My phone rang.
I was on call so I had a good idea what the nature of the call was.
“Thanks for calling the Trans lifeline..” I began, my standard but sincere greeting. “How are you?”
Silence. Then light crying, mostly stifled on their end.
“It’s ok. Take your time” I offer, gently, reassuringly. “I’m here.” I remind them.
“I tried telling my mom I was trans today…” They inform me. “She screamed at me and told my dad and now dad is going to kick me out !” The caller follows with, and begins to cry more openly, loudly.
She was a fifteen year old caller, a trans-girl from the US whose coming out talk went catastrophically wrong and the so-called friends who abandoned her.
The parents had stepped out after the talk – if a talk is what you could call it – and the girl felt the lifeline was her only option.
I never had the chance to ask any follow-up questions about the talk because the next fifteen minutes or so was me listening to the most soul-wrenching, heartbreaking sobs I’ve ever heard before.
Giant, heaving sobs of total defeat.
“I’m still here. I’m listening.” I offer feebly, feeling helpless but wanting her to know her voice is heard.
The sobbing never subsided and, after what felt like an eternity, the call took a terrifying and unnerving turn.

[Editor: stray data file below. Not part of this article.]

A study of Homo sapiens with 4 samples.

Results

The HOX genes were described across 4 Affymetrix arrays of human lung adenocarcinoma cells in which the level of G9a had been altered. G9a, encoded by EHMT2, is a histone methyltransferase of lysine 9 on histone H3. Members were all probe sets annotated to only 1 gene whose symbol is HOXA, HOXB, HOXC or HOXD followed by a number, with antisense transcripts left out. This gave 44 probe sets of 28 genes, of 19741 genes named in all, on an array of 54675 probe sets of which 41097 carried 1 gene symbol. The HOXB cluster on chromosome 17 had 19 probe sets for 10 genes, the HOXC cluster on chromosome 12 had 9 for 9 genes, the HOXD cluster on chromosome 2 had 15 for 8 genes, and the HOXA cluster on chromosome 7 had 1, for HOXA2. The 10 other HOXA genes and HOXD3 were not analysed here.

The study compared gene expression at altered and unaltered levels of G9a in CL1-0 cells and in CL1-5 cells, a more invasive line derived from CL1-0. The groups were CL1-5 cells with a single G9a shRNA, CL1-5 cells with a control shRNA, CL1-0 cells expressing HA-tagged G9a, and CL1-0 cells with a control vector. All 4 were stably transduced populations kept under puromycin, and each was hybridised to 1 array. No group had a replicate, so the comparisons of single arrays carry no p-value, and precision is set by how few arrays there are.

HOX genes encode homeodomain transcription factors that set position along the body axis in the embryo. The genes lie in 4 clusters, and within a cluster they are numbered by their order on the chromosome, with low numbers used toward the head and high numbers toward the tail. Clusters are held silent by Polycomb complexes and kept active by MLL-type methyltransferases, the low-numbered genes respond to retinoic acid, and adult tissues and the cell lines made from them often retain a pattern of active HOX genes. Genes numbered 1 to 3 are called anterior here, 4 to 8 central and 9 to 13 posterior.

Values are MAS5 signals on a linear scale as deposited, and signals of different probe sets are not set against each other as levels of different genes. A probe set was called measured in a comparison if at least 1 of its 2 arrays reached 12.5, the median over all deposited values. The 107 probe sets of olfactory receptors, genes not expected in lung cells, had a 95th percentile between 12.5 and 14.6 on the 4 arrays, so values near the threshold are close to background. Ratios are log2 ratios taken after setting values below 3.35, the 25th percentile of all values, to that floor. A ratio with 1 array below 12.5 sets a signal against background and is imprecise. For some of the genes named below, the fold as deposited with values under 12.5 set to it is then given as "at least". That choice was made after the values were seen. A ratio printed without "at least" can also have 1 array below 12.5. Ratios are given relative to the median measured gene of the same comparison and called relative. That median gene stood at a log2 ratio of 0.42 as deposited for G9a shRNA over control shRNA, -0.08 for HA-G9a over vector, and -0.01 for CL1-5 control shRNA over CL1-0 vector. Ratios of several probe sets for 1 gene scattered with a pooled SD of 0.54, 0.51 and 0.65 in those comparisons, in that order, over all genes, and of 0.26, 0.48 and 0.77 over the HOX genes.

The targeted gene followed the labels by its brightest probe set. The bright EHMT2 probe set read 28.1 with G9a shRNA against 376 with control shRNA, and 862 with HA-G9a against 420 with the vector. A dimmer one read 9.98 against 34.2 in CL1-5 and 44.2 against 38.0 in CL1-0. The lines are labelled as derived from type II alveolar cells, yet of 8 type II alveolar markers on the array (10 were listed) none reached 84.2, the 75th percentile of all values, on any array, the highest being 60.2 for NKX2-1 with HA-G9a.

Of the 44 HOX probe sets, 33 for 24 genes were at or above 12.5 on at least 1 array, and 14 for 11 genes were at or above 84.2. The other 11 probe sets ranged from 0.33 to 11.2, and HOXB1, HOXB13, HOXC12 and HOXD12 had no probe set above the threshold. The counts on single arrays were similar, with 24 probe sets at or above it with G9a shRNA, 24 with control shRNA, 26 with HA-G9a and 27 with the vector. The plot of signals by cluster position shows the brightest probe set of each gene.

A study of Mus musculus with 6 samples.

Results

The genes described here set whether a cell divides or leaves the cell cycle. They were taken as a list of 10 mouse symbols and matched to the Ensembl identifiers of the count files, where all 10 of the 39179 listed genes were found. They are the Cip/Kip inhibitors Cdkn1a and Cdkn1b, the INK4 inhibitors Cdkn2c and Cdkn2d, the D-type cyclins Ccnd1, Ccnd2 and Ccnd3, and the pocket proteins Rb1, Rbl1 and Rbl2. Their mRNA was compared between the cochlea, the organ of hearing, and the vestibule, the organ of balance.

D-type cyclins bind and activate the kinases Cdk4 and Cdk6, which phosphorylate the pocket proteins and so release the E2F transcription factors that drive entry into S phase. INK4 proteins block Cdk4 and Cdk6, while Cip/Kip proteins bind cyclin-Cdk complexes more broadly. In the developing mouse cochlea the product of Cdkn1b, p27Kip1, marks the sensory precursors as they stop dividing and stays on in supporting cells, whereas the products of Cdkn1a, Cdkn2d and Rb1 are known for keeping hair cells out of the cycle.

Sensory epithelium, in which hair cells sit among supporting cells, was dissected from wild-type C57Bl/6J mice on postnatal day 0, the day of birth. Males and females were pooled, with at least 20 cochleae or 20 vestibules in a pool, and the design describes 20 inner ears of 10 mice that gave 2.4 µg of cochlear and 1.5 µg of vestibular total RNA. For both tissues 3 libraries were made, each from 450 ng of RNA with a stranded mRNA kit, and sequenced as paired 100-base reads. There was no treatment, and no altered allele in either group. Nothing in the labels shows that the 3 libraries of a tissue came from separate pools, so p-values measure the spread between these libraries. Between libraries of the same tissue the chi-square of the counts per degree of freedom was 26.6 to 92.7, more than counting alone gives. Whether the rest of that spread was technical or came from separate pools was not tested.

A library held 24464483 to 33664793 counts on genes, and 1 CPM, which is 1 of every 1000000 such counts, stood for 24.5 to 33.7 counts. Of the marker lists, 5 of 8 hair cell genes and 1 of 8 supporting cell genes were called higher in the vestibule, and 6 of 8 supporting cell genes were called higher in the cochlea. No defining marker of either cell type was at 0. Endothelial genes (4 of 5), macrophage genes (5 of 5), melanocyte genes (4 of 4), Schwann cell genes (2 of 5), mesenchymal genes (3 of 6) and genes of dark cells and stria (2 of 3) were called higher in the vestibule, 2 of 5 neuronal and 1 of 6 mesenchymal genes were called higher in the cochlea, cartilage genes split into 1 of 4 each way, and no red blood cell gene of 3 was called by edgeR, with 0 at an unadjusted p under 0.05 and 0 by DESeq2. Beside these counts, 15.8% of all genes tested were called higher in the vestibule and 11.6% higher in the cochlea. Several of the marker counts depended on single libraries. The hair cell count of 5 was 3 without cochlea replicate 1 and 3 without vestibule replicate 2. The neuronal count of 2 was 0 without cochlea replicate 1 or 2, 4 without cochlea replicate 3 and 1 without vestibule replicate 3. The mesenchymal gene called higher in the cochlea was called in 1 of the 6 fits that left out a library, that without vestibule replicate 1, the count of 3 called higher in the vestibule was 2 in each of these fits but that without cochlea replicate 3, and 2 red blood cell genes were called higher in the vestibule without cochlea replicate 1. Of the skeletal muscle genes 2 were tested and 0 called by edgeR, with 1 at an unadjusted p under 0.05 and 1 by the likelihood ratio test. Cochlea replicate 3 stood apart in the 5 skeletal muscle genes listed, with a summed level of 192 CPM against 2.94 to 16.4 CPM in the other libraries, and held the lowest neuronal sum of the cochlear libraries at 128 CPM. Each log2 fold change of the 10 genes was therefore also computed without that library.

The sound was thunderous on my headset and startled me. It sounded like a gunshot.
The inconsolable sobbing stopped immediately.
“Are you ok?” I asked feebly, hoping it wasn’t what I thought it was.
“I’m still here for you. If you can hear me – I’m here.” I say, trying but failing to keep the panic out of my voice.
“I’m here…” I offer, a last attempt. In the background I’ve already alerted supervisors as to the nature of the call. Because it’s a guaranteed anonymous hotline, we can’t trace calls or even send help for someone unless they specifically ask for or agree to it.
The call disconnects after some minutes of excruciating silence.
I don’t know what happened to the caller. I knew little about them and will never know.
I went off call and stepped outside.
How I wept.
For her, for so many who endure so much, so needlessly.
Love as much as you can, be inclusive, reach out and be kind to yourselves – always.